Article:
A recent report by the Economist magazine alleges evidence of atrocities committed during Ethiopia’s civil war is being destroyed. The report is mainly based on previous Human Rights Watch, Amnesty International, and the BBC claiming authorities from Ethiopia’s Amhara region systematically killed or evicted Tigrayans from the contested “Western Tigray” region. Furthermore, the article claims, satellite images from Vigil Monitor indicate disturbances at known burial sites and suspected burial grounds, potentially indicating evidence tampering.
The Economist says, witnesses in refugee camps located in eastern Sudan who come from this region of Ethiopia recount instances of bodies being left exposed to animals or loaded onto tractors for unknown destinations. However, by its own admission, the Economist says Journalists and aid-workers have been restricted from accessing this region of Ethiopia, hindering investigations. This begs the question how such big claims are still made relaying on remotely collected anonymous witness testimony.
Moreover, the Economist’s claim of satellite information showing ground burning is evidence of mass graves but fails to produce the images. Not sharing images cited as evidence, as a key component of the story, is quite bizarre. This mention becomes all the more strange considering, it is common in this part of Ethiopia for farmers to set fire to the remains of old crop fields to rid them of the leftover grasses and scrub. Something the economist aptly ignores, as it may contradict its narrative.
The said destruction of mass graves by The Economist is indeed quite fanciful. But the deeper deception lies in gaslighting of Amhara victims of the Tigray People’s Liberation Front (TPLF), which ruled the area in question from the late 1980s up until November 2020. During that period the group carried out widespread atrocities and a campaign of ethnic, as well as cultural cleansing of the region’s Amhara natives, a historical fact never once mentioned in the annals of mainstream publication. This is indeed a classic case of worthy vs unworthy victims described in Noam Chomsky’s seminal work on propaganda, “Manufacturing Consent”.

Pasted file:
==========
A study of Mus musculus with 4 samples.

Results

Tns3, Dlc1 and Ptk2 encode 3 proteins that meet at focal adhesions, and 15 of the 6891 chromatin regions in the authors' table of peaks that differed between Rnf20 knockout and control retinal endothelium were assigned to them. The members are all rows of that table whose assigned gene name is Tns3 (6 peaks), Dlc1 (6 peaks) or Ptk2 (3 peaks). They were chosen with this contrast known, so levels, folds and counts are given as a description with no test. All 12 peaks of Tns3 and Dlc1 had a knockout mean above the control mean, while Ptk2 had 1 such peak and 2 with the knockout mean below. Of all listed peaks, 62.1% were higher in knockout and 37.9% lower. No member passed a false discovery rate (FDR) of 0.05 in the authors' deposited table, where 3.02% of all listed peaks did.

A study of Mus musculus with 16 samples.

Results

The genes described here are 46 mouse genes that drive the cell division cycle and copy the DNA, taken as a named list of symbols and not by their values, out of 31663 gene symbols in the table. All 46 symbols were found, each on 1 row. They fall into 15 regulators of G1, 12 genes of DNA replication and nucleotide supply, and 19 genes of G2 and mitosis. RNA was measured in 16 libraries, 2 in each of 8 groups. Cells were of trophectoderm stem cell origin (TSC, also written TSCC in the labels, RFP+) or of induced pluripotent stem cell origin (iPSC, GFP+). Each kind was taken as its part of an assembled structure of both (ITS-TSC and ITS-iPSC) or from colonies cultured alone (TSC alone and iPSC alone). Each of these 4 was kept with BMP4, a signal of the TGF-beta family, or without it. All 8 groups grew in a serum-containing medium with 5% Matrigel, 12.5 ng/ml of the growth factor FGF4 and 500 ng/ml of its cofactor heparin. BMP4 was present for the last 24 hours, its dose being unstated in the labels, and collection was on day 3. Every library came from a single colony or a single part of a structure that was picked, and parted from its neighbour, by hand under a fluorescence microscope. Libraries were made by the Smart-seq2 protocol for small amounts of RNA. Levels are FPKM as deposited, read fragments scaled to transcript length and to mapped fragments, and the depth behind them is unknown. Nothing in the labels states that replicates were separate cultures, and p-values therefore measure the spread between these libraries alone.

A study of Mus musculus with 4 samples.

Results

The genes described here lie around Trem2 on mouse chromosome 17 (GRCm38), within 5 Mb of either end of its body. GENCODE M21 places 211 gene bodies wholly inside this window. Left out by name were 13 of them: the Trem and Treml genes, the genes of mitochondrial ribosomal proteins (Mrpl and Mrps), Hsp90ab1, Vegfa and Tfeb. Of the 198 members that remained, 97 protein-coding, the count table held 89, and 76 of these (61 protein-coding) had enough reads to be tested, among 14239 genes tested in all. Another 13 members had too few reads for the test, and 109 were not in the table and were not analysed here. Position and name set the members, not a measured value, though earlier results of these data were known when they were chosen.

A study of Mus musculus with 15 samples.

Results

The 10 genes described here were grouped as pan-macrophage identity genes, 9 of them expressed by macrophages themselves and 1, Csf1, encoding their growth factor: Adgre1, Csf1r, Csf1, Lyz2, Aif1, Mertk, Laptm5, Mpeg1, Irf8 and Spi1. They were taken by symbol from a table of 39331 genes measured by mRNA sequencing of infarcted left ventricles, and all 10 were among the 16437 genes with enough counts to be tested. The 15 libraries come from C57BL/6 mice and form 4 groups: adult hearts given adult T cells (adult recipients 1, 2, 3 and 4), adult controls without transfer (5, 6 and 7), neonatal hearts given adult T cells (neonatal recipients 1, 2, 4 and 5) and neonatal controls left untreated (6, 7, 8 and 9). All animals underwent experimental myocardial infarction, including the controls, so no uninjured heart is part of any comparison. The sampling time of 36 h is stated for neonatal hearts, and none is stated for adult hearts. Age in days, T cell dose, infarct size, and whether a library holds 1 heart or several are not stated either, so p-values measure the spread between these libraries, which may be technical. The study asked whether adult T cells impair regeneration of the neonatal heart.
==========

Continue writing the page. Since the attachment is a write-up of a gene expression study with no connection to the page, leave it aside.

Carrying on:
In April 2022, Gonder Univeristy started excavating the remains of mass graves in which hundreds of political prisoners, mostly Amhara were buried in mass graves strung across Welkait, and Kafta Humera zones. Images of researchers carefully exhuming dated skeletons, one after the other was broadcast on local media. American photojournalist, Jamel Countess was there in person to photograph this event. His report was later published.
Unsurprisingly, this story never featured in the mainstream media, even though it appeared widely in Ethiopia. A report by Borkena news is one of the few English language coverage available. It was not only conveniently overlooked, but a day after the story was made public, HRW released a report analyzing atrocities committed on Tigrayans by Amhara authorities and Eritrean forces. The entire report depended on remotely sourced witness testimony and produced no tangible evidence. This was consciously done to overshadow the finding by the University of Gonder.
To bolster is claim, The Economist piece recalled an earlier report by CNN. This story described “corpses floating down the Tekeze river into next-door Sudan”, which first emerged early on the conflict, in September 2021. This story was broadcast on CNN that year, even though it had many inconsistencies, which included a silent edit of a critical piece of information days after its initial publication. A report by Abren pointed out the glaring holes in that story. The Economist resurrected this debunked story, but added, based on an unnamed human rights researcher, “after an international outcry, the tactic of dumbing bodies into rivers seems to have changed”.
Generally, this sort of clever obfuscation by mentioning something that may be nominally true, while omitting the back story has become quite common in traditional media coverage of the Ethiopia’s northern Tigray conflict. To this day the media continue to obscure facts regarding Ethiopia’s recently concluded conflict, and when questions arise about their claimed narrative, the tendency has been to ignore the story and move on to another fabricated story. By now, it is clear the media will never correct themselves or respond to critics pointing out contradictions.
Unfortunately, the same is true for HRW and other West based international human rights organizations, which have demonstrated clear politicization in their reporting. Ethiopia’s government, which stands accused of blocking efforts to “uncover the truth and punish perpetrators” continues to refuse an international investigation. An expected decision, given the very same tainted organizations and individuals, who discredit their independence are likely to be involved. Lack of a reputable and impartial truth and justice commission raises concerns about a weak foundation for lasting peace.
More importantly repeated misrepresentations and obfuscations of the horrible war in northern Ethiopia, that invariably categorizes Ethiopians into worthy and unworthy victim groups based on ethnicity have the tacit goal of perpetuating and making the conflict intractable. This will inevitably create an environment where truth and justice for all sides will be delayed, if not lost forever.